St. Joseph’s General Hospital patients have not been able take their minds off their hospital treatments using television for nearly two months.
Health Resource Group (HRG) Inc. — which installed 160 prototype touch-pad entertainment terminals at no cost to the hospital in 2010 — shut the system down due to technical difficulties in mid-May.
The equipment was taken back to the company’s office in Vancouver for troubleshooting and was expected to be reinstalled at the hospital, problem-free, shortly after the middle of June.
However, Eric Macdonald, St. Joe’s vice-president of finance, capital and support services, told the Record Monday the equipment has not been reinstalled yet.
“We’ve given them sort of a deadline to get it up and running again by, and they still have not reinstalled anything as of today,” said Macdonald, adding that the deadline is the end of this month. “They are coming to see me this week with a plan for reinstalling the — what they call a new and upgraded system — so they’re not really there yet, in terms of being confident that they’re going to be able to do this.”
Macdonald also said the hospital will look for alternate providers if the deadline is not met.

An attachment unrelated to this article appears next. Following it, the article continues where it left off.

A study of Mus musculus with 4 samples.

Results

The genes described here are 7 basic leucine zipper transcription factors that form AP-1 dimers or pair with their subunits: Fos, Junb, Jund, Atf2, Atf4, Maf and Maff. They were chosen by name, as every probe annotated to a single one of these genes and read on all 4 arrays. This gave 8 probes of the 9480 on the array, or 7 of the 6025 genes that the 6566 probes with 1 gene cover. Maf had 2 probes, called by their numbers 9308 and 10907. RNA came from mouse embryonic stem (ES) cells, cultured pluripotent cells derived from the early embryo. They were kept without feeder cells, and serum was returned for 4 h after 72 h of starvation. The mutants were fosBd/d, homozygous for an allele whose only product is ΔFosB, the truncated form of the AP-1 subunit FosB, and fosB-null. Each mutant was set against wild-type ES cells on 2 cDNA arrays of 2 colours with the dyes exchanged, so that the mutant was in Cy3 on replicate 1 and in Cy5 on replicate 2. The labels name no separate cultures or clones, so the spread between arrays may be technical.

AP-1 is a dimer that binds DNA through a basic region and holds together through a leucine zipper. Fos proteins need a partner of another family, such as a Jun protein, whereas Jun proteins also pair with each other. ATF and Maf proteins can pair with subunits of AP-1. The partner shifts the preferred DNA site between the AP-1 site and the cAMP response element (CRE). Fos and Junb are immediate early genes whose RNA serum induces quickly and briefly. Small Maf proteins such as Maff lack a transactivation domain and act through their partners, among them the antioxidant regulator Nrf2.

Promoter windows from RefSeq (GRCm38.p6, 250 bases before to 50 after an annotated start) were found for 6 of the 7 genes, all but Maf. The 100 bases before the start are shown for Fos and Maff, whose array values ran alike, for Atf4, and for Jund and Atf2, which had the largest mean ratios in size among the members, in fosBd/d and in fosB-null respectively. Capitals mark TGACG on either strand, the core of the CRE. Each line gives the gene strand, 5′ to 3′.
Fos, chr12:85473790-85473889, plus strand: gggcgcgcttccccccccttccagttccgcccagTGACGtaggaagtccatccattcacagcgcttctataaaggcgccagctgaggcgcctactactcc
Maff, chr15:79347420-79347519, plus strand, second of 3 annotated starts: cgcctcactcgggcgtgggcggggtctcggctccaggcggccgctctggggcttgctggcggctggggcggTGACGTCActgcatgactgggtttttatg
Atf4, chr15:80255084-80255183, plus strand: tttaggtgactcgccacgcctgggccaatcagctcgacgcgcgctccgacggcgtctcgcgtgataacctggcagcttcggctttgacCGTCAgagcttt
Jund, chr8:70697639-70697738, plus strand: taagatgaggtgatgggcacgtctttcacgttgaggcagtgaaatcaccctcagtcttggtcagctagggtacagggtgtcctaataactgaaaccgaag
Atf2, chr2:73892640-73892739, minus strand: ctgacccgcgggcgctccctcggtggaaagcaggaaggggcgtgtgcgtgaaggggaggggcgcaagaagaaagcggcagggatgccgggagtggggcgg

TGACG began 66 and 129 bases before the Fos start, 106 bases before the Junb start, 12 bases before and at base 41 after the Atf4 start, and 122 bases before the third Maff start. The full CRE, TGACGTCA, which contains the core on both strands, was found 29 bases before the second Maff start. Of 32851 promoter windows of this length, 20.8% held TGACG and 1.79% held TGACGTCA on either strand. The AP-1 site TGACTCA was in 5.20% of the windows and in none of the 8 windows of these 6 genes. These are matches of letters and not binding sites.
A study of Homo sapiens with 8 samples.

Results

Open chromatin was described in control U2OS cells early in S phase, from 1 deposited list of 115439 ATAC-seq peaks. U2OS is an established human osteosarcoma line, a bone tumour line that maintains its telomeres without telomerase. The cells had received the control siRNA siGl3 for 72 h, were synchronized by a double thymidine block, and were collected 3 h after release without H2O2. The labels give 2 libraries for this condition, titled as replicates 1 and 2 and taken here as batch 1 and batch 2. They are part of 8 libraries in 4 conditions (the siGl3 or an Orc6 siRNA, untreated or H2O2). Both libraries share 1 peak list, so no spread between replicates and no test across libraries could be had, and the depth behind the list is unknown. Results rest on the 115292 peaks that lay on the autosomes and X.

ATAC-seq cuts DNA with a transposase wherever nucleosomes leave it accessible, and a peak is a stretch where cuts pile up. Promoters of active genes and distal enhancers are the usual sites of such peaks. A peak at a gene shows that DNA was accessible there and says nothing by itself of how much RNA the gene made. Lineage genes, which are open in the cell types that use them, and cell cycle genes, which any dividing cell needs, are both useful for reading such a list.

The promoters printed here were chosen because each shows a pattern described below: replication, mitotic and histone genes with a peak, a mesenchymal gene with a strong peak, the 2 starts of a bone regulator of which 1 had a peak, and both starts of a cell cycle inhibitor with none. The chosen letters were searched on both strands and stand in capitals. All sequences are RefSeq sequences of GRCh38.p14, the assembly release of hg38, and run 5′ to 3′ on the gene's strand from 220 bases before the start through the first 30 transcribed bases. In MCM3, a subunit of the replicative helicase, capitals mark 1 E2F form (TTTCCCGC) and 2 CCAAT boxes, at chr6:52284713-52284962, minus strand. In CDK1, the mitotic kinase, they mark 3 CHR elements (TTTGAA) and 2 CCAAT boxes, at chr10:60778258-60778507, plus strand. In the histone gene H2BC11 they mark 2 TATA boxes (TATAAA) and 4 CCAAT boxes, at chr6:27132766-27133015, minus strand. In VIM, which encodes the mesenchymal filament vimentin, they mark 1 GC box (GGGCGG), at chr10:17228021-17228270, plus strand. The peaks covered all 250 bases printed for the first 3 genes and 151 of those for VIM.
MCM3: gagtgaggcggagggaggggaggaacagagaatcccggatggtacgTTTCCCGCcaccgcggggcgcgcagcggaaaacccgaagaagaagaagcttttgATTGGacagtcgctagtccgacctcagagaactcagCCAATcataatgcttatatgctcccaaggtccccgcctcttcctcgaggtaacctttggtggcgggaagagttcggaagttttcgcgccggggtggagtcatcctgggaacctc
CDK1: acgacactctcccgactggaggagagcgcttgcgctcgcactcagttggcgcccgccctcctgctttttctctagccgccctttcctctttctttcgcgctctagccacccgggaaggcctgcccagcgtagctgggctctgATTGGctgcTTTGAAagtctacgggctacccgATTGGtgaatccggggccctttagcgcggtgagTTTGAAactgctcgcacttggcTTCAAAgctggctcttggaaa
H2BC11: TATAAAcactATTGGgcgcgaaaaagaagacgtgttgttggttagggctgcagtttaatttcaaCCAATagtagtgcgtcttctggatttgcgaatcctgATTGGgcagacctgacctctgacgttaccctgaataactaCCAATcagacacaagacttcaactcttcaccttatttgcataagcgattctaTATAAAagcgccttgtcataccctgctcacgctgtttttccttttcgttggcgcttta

“That’s part of what our notice to them was — that they had a certain amount of time, the two months to get this rectified, after which we would begin considering other options,” he said, adding the hospital is hopeful HRG will be able to get the system running properly by the deadline. “They are coming to see me this week and they sound quite positive that they have this all worked out. So they’ll be a meeting with our IT staff as well as myself and explaining, you know, what they’ve done and how they attempt to implement the improvements.”
HRG did not return the Record’s phone calls in time for deadline.
If HRG does not meet the deadline, St. Joe’s will invite proposals from other service providers. These services would also be at no cost to the hospital, according to Macdonald. Generally, hospital patients pay for the service themselves.
However, Macdonald pointed out it’s important for St. Joe’s patients to have the option for television services during their stays.
“We would like our patients to be able to have their entertainment services while they’re here,” he said. “That’s sort of the top priority right now, is to get that going again.”
The HRG equipment was installed as a pilot project. The terminals boasted television, Internet, entertainment such as movies and games, telephone, a customer satisfaction survey, an option for ordering food with a menu based on the patient’s needs and a call nurse button, which uses a video connection.
However, the system had intermittent functionality problems when working, and at other times it shut down completely.